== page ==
Facebook is used for many things, including connecting with old friends, keeping up with loved ones, and it can even be used to track your weight loss.

As part of the “Health and Wellness” feature, you can share your weight-loss progress with your friends by posting the details to your timeline. It's broken down by pounds, location, who you're with, the date, and any extra comments. There's also the option to upload a photo alongside the weight-loss info. However, this isn’t a new feature by any means, it’s been around since 2011. News and media organizations have recently been calling this new feature brand new, but the only thing new is that it’s gaining a lot of attention.

This feature is causing a stir among many, since it seems Facebook may have overstepped its boundaries. Studies have shown that social media, especially Facebook, can cause a strain on one’s mental health. Last month, research from the University of Queensland’s School of Psychology in Australia found that people who were ignored on Facebook had lower levels of self-esteem.

Other research has found that the frequent use of Facebook can cause many people to have FOMO, also known as fear of missing out. People scroll through their newsfeed and see their connections doing seemingly wonderful things with their lives — leaving them feeling left out. So now that this weight-loss feature has gained so much attention, is this just another way to feel bad?

“Social media — Twitter, Instagram, Facebook — can create a false sense of connection with people,” said Sheri Meyers, PsyD, a therapist in Los Angeles, Refinery 29 reported. “And, it’s immediate and 24/7, so there isn’t as much of a need to reach out to those that are close to us.”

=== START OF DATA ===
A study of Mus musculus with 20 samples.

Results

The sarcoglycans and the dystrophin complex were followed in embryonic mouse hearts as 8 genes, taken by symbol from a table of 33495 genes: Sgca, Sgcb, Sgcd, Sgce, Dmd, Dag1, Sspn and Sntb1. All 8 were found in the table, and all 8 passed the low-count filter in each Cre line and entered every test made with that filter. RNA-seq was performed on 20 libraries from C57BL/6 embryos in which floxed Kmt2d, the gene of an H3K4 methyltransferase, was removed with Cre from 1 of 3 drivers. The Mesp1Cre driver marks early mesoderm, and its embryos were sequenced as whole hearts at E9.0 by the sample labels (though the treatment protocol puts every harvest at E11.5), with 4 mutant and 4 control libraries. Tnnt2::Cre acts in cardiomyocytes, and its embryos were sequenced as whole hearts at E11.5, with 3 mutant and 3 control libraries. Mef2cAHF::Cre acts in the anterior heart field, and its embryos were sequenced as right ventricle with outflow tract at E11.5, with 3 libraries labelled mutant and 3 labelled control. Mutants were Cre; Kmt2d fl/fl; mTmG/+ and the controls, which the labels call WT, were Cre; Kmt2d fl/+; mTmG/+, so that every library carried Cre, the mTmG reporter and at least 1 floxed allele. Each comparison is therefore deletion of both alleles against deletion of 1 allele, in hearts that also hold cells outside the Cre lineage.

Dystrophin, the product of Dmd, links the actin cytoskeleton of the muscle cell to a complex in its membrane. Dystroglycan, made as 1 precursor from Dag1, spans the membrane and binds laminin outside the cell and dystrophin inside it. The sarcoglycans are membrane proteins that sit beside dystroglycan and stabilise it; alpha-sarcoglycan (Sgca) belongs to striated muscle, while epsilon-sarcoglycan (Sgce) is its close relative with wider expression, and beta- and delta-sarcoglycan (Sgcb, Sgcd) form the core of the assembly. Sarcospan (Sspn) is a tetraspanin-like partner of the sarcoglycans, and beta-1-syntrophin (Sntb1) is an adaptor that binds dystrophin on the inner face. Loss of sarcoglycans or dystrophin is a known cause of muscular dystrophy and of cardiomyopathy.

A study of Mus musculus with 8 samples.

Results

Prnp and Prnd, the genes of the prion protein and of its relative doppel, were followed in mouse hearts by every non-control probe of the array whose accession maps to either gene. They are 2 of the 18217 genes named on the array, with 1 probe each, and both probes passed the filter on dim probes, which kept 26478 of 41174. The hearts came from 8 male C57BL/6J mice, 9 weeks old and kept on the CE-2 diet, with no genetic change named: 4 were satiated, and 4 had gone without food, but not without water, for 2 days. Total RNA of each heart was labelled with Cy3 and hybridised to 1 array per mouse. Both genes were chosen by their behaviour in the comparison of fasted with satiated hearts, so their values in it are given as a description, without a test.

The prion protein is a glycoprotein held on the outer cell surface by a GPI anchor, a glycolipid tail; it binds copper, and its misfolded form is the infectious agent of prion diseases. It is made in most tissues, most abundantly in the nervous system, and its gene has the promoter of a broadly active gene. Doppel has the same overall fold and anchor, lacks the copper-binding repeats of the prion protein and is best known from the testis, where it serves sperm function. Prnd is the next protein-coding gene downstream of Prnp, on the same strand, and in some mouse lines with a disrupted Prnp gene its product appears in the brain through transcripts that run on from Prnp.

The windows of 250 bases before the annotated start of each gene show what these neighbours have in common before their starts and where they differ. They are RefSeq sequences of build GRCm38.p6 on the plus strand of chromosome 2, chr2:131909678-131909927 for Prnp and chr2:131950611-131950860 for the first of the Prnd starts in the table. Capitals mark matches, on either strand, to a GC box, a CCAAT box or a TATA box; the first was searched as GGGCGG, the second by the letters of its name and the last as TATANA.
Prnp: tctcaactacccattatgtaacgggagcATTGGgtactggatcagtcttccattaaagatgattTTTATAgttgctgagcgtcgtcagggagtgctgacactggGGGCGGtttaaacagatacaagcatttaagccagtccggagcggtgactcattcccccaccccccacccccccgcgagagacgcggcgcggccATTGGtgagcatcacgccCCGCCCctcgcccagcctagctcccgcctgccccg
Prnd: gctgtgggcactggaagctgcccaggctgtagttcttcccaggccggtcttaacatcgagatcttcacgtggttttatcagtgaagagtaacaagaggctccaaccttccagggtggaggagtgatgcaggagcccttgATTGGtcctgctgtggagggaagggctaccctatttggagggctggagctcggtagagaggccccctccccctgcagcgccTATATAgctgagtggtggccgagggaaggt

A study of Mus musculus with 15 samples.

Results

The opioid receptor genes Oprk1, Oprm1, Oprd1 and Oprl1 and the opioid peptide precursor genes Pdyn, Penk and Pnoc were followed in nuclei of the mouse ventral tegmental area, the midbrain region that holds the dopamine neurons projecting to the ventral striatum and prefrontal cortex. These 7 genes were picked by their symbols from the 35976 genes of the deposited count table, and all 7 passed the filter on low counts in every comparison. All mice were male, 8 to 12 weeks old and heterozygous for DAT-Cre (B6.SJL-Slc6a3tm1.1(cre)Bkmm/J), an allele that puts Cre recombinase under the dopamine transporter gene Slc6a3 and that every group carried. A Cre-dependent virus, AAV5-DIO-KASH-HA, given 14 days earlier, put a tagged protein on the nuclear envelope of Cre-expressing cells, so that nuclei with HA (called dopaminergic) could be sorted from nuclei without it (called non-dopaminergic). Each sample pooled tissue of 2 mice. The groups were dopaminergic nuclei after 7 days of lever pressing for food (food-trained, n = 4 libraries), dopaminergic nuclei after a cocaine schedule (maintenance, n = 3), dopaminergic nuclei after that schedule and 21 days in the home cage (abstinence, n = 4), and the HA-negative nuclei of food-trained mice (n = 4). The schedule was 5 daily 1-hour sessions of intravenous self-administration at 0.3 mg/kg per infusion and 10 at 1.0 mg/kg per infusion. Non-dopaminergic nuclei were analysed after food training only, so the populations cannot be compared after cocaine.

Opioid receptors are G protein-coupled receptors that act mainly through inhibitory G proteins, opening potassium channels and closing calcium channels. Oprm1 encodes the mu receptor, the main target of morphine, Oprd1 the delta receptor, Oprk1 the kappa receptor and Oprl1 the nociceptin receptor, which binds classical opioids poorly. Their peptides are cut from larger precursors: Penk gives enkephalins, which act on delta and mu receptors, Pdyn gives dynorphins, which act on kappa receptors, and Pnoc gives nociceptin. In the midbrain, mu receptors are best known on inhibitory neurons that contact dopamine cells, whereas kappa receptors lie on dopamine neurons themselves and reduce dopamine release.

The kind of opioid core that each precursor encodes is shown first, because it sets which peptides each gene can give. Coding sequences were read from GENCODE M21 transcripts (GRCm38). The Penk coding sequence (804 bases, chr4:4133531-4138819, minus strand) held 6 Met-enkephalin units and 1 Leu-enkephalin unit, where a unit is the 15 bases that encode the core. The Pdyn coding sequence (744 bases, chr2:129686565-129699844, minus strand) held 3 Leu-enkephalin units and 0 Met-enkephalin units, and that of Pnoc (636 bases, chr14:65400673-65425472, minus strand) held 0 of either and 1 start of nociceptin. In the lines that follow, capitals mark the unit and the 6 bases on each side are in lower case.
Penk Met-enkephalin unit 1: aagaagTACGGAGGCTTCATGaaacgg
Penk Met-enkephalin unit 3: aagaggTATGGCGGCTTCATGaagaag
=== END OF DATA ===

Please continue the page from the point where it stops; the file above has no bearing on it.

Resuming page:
Sharing weight loss on Facebook might give some immediate satisfaction, but what happens when the opposite happens? If someone gains weight? They’re most likely to feel less successful and have a poor self-image.

Even Facebook itself admits that too much use isn’t good either. In 2012, when the company was celebrating one of its work anniversaries, it released this statement: “Birthday cakes are made for people to be together. They give friends a place to gather and celebrate. But too much cake probably isn’t healthy. So birthday cake is a lot like Facebook.”

In other words, get off of Facebook and start living your real lives. And besides, there are many other less intrusive ways to share your weight loss successes and failures — there are hundreds of smart phone apps that can track and monitor weight loss.

So, while this Facebook feature might not be a favorite for some, there are other options, like health and wellness apps — organ donation and overcoming illnesses, to name a few. These might inspire others, too.